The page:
The Indiana Daily Student

opinion

OPINION: Where are the true depictions of love?


But do these stories have more impact than just entertainment? The perfect story where everything happens at the perfect time, everyone says the perfect thing, building up to the perfect ending. Movies have a fixed ending for and their characters’ stories, but real lives continue, even after the audience leaves. Does this perfection work in real life? Of course not.  

Some might argue that these stories are written as an escape from reality. However, these books and stories affect us more than we might comprehend. My standards have skyrocketed because of them. Nearly everyone has read or watched the classic “Pride and Prejudice” by one of the most celebrated authors in history, Jane Austen. Her amazing romances encapsulating the nitty-gritties of love and happily ever after are still adored. These characters are so impactful that they have become the portraits for the expression of love.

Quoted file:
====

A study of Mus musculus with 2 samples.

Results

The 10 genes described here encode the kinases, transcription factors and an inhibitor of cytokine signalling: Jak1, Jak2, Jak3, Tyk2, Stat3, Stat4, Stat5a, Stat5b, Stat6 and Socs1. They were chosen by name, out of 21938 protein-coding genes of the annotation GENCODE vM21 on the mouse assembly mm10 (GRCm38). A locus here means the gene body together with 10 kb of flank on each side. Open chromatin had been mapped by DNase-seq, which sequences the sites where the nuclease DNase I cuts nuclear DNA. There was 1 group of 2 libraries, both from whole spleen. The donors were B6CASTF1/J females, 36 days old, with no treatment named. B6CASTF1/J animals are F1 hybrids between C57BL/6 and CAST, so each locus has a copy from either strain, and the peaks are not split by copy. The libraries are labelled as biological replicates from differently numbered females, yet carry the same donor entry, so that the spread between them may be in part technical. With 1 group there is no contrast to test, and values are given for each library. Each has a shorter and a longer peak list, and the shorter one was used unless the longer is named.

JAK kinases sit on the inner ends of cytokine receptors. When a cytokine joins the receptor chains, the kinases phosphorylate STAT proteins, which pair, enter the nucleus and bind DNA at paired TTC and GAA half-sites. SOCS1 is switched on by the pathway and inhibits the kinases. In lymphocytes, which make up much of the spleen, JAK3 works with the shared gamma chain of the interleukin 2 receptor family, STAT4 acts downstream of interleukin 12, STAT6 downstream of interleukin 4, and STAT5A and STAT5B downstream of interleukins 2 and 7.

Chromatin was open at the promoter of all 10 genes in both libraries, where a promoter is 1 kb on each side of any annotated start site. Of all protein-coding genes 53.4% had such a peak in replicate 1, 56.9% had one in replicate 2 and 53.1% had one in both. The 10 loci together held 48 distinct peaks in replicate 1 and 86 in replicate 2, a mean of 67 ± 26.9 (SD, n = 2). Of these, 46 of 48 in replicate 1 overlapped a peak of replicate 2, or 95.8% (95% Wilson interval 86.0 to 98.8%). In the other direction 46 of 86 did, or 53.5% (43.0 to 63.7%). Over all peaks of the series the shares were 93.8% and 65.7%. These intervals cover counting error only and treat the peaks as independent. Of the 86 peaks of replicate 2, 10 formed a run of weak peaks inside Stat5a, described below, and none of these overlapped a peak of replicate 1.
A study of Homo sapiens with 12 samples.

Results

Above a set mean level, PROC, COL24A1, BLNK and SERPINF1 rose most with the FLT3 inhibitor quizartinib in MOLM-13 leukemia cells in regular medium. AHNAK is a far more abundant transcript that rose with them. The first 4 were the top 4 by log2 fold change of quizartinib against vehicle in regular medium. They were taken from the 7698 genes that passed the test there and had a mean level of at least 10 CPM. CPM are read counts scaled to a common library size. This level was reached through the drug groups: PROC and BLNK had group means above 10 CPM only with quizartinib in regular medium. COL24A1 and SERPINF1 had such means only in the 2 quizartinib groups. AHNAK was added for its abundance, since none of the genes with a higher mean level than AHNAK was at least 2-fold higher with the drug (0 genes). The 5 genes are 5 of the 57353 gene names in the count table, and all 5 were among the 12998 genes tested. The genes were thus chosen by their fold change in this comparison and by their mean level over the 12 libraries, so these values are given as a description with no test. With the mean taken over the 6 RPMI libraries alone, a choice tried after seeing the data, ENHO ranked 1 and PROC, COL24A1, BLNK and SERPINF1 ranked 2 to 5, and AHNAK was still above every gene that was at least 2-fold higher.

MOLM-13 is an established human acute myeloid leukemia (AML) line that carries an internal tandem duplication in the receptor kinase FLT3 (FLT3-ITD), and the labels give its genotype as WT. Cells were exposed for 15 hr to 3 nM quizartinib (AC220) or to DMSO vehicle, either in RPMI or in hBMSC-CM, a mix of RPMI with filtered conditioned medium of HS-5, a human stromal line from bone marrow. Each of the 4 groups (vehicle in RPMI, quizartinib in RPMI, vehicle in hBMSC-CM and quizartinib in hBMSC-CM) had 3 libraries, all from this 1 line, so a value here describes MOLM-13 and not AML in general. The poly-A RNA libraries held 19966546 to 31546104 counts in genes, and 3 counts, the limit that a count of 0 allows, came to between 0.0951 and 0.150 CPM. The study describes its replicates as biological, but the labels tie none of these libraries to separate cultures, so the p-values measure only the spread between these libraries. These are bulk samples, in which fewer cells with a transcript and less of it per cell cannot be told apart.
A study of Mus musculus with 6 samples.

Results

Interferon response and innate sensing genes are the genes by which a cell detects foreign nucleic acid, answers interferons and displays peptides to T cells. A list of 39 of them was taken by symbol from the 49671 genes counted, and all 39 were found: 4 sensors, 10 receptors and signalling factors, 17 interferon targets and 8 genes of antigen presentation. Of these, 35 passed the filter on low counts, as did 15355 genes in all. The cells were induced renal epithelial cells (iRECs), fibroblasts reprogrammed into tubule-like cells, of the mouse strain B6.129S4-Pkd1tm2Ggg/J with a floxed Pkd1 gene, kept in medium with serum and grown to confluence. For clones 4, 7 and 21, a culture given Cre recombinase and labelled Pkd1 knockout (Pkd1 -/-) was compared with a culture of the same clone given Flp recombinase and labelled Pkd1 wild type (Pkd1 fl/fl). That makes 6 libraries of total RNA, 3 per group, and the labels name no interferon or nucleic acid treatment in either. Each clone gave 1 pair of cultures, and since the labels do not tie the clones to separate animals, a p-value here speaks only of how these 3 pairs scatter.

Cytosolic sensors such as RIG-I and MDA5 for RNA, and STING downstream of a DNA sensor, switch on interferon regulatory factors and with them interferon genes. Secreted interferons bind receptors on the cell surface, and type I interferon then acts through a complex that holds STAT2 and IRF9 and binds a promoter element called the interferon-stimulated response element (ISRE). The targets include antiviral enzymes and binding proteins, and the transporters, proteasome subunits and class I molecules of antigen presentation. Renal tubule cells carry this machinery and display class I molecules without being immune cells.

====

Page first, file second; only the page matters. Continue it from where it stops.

But do you know Jane Austen never got married? An author who detailed these concepts and reiterated them in a number of her books was writing most of this without ever actually experiencing the constructs of matrimony. This brings me to the most important question: could her decision not to marry be associated with the unrealistic standards of love she perceived? 

[Related: COLUMN: Classic books that you'll actually like]

Most people, like me, have grown up looking at these examples of love that are meant to be fictional narratives. However, due to the repetitive viewing of these storylines, we come to accept these as the normal standard, leading to us to never feeling content with what we have and expecting more. We keep waiting for our Romeo, our perfect match, our soulmate, to find us and sweep us off our feet instantly. The fairytale ending is our most desired wish. 

However, real-life love is far from perfect. It's filled with complexities these stories often overlook. Real life involves embracing your own and others’ shortcomings and adjusting your standards. Waiting for a perfect match or expecting constant grand gestures can lead to discontent and frustration. Instead, appreciating the imperfect but meaningful aspects of a relationship is crucial for finding genuine happiness in love. 

Prakriti Khurana (she/her) is a sophomore studying finance.